How I learned history

Positive memories of my childhood and how I grew up as a young Army wife

Early childhood memory of Elizabeth’s brother, John, being adopted from Korea

Positive memories of my childhood revolve around culture and history. My parents were educators, so my siblings and I were surrounded by experiences revolving around America’s earliest ethnic traditions. We are also a multi-cultural family, so I was not just exposed to the diversity of American principles—I lived it. However, it was not until I was a young adult, living on my own for the first time in an isolated location overseas, that the true complexities and grittiness of our nation’s birth became real for me. It was not until I was able to internalize the vivid descriptions of historical fiction novels I was reading, that I was able to grasp the cultural clashes and individual struggles of European colonists, Native Americans, and Africans brought here as slaves.

My earliest memory of learning U.S. history is as a four-year-old child. I remember the day when my adopted brother, John, from Seoul Korea, became a U.S. citizen.  I also have two other adopted siblings from different racial backgrounds and four biological sisters. My parents adopted John when he was about 1 ½ years old. He is the same age as I am, so we grew up as if we were twins. Getting prepared for John’s ceremony, my parents used a globe to explain where John was born and how he flew to the U.S. with a nun, Sister Blanche, to be part of our family.  They also explained to me and my other siblings how people from other countries immigrated here, including our great-grandparents. I distinctly remember my mother dressing us in traditional Korean outfits for the ceremony and having a large party afterwards.

Throughout my childhood my parents would frequently share stories from their childhood, including my mother’s vivid descriptions of growing up in a Czech tavern in an ethnic neighborhood in the inner city of Cleveland. The neighborhoods in the city were divided into distinct communities based on where the European immigrants came from. They were replicas of these countries in terms of language, food, dance, newspapers, with most of the people working in factories as they strived to obtain the American Dream. Or as my mother would say, her parents worked hard so they could live on “Easy Street” one day.

Besides storytelling, my parents emerged us in activities such as gardening, going to libraries, visiting farms, and exploring historic sites like Schoenbrunn Village, a 1772 Moravian mission among the Delaware Indians, and Hale Farm and Village, which was part of the Underground Railroad. We also spent days visiting the Cleveland museums. My mother would let John and I explore the museums for hours on our own—or at least she gave us impression that we had that freedom. It was my favorite place and I even spent time as a high school student doing an internship in the archaeology department of the Natural History museum.

Unterklausen Germany home

Despite the exposure to American history and culture I had as a child, I did not fully appreciate the difficulties or complexities of the social and political interactions during of cultures coming together for the first time in this country.  As a very young military spouse and mother, living in the tiny village of Unterklausen in Bavaria Germany, I began to realize how difficult it could be to adjust to a foreign country. Though we lived in a charming old farmhouse, and all our basic needs and comforts were met, there were modern luxuries we did not have, such as a phone, TV, drier, or computer. In addition, my husband would go to the field for extended periods of time. No one in the village spoke English, while I struggled to learn German. I did get a European license and car right away, but gas was very expensive, and I had to drive long distances to get to small shopping areas. And, even though Germany is western country, the day to day differences between German and American cultures was and is still striking.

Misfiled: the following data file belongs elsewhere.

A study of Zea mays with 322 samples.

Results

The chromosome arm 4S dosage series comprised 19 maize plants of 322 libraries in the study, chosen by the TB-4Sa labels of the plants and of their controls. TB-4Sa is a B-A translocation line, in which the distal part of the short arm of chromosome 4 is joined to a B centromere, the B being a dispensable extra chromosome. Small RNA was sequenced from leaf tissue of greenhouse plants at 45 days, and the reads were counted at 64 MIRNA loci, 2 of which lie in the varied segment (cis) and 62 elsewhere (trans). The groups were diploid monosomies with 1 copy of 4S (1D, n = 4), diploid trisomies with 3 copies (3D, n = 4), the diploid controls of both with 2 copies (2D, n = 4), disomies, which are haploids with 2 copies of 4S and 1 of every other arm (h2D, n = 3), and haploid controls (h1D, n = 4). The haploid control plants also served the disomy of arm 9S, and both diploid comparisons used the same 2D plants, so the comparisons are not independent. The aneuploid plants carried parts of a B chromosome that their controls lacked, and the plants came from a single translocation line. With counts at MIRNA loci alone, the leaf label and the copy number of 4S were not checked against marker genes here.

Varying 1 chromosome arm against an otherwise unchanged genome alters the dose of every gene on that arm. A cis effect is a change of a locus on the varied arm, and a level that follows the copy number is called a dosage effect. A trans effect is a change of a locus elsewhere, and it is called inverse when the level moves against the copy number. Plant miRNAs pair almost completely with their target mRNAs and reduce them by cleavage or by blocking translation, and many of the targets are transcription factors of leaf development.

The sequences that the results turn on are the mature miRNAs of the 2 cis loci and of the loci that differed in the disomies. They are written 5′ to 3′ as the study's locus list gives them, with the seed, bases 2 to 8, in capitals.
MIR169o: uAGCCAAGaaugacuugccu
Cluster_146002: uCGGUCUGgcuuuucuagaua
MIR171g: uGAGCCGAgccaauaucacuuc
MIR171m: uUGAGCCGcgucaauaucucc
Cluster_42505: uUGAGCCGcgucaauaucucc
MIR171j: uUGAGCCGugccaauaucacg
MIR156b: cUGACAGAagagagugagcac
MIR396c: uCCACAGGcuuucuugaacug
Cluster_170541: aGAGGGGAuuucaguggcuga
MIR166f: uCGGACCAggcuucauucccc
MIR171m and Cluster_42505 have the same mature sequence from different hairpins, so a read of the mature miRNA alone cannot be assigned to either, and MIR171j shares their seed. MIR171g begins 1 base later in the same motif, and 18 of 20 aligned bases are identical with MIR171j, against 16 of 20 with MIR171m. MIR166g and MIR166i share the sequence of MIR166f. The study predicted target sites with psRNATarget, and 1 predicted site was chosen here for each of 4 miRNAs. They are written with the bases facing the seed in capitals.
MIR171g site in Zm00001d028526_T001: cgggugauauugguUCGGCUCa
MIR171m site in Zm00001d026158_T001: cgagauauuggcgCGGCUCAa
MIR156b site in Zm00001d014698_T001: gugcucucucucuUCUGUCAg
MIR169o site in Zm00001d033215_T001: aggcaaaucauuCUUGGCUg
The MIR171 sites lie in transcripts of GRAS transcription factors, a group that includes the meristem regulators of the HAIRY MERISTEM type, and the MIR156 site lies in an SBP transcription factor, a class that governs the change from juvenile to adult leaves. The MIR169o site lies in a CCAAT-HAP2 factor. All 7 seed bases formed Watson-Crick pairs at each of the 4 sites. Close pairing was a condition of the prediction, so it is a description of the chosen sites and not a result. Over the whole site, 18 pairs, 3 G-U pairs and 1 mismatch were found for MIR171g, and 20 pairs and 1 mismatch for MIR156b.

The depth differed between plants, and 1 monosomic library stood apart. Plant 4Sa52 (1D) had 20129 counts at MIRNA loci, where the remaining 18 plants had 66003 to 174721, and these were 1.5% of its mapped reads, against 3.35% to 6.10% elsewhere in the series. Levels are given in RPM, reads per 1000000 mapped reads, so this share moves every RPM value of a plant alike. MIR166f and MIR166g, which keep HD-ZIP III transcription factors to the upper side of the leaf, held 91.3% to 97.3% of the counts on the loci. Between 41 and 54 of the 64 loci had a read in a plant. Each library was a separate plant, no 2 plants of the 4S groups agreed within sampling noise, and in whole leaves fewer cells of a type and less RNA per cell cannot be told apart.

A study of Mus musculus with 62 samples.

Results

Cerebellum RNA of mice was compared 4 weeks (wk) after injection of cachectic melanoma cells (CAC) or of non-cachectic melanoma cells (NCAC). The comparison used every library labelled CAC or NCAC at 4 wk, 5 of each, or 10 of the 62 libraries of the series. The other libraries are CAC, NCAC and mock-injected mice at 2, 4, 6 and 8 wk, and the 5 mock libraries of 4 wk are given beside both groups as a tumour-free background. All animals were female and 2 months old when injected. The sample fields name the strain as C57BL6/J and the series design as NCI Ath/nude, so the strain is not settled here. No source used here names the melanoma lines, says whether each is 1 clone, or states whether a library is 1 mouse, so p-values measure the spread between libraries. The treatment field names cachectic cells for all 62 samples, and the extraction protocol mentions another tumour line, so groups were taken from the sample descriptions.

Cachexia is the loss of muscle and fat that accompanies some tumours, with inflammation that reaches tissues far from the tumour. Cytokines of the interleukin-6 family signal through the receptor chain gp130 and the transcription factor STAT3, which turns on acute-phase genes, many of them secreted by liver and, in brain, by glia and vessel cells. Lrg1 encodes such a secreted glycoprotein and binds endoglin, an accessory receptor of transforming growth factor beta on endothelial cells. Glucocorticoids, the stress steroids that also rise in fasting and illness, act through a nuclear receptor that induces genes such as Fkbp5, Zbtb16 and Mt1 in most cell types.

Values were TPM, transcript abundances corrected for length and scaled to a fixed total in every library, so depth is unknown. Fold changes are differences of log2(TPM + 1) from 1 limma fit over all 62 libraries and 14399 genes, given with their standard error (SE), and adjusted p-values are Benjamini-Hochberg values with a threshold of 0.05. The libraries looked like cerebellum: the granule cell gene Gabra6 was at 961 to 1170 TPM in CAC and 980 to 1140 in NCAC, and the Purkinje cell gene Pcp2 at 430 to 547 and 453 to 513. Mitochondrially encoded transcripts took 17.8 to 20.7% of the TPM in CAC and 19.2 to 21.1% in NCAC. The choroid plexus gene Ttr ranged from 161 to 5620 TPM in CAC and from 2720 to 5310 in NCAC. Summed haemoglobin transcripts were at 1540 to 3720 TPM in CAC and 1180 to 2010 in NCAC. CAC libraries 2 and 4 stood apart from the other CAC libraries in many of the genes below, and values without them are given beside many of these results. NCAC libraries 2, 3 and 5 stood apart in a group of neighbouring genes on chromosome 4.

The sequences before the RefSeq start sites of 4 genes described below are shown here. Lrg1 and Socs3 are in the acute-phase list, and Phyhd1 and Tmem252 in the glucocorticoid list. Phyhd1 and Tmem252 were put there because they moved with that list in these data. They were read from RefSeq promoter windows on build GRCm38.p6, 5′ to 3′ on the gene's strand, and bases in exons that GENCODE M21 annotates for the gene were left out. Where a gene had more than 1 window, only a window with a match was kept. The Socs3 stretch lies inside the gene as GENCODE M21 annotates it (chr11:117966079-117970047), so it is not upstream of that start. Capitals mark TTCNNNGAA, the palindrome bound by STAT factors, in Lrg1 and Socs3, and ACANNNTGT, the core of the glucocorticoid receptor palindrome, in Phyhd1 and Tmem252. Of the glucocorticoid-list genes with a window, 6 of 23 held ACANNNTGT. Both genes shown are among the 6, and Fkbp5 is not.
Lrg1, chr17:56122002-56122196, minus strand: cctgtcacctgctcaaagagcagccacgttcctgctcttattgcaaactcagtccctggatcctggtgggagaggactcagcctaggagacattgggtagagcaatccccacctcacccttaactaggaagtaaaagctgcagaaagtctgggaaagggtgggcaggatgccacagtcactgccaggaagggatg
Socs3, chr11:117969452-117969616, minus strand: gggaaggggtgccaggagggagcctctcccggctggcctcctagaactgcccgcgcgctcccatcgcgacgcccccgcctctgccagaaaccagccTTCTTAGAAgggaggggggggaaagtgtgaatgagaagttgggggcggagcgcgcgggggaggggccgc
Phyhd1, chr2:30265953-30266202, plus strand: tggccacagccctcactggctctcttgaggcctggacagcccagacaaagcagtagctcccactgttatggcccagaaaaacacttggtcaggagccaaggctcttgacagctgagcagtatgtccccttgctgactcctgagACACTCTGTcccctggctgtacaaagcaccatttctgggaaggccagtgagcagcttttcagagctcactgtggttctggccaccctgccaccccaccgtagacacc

Elizabeth and her infant son, Danny, hiking in Bavaria Germany

I decided to make the best of my situation and spent hours delving into novels such as James Cooper’s The Last of the Mohican’s, Sara Donati’s Into the Wilderness series, and Diana Gabaldon’s Outlander and Drums of Autumn. I began to better understand the colonial experience, relating to characters through the minute details of day to day life and events of this earlier time through these narratives. My childhood ideals of this era were modified, becoming realistic and at times, gut wrenching.

As a young girl, being educated of historically accurate events was helpful in developing an awareness of our past, but I was too immature to comprehend the conflicts and hardships. Seeing displays in museums of Native Americans taking other tribes as slaves after a battle, visiting rooms and tunnels under old buildings in Cleveland that were once part of the Underground Railroad network, such as St. John’s Episcopal Church, and exploring realistic replicas of old colonial cabins still seemed like a theatrical world I longed to be a part of. It was having to be independent and responsible for a baby, while in a strange country and culture, with little resources and knowledge, and having to rely on strangers, that I began to value the individual experience and origins of early Americans. Being pushed of my comfort zone I gained a more sincere understanding of the struggles of Native Americans, slaves, and other immigrants who came throughout the centuries like my great-grandparents from the Czech Republic or my brother, John, from Korea.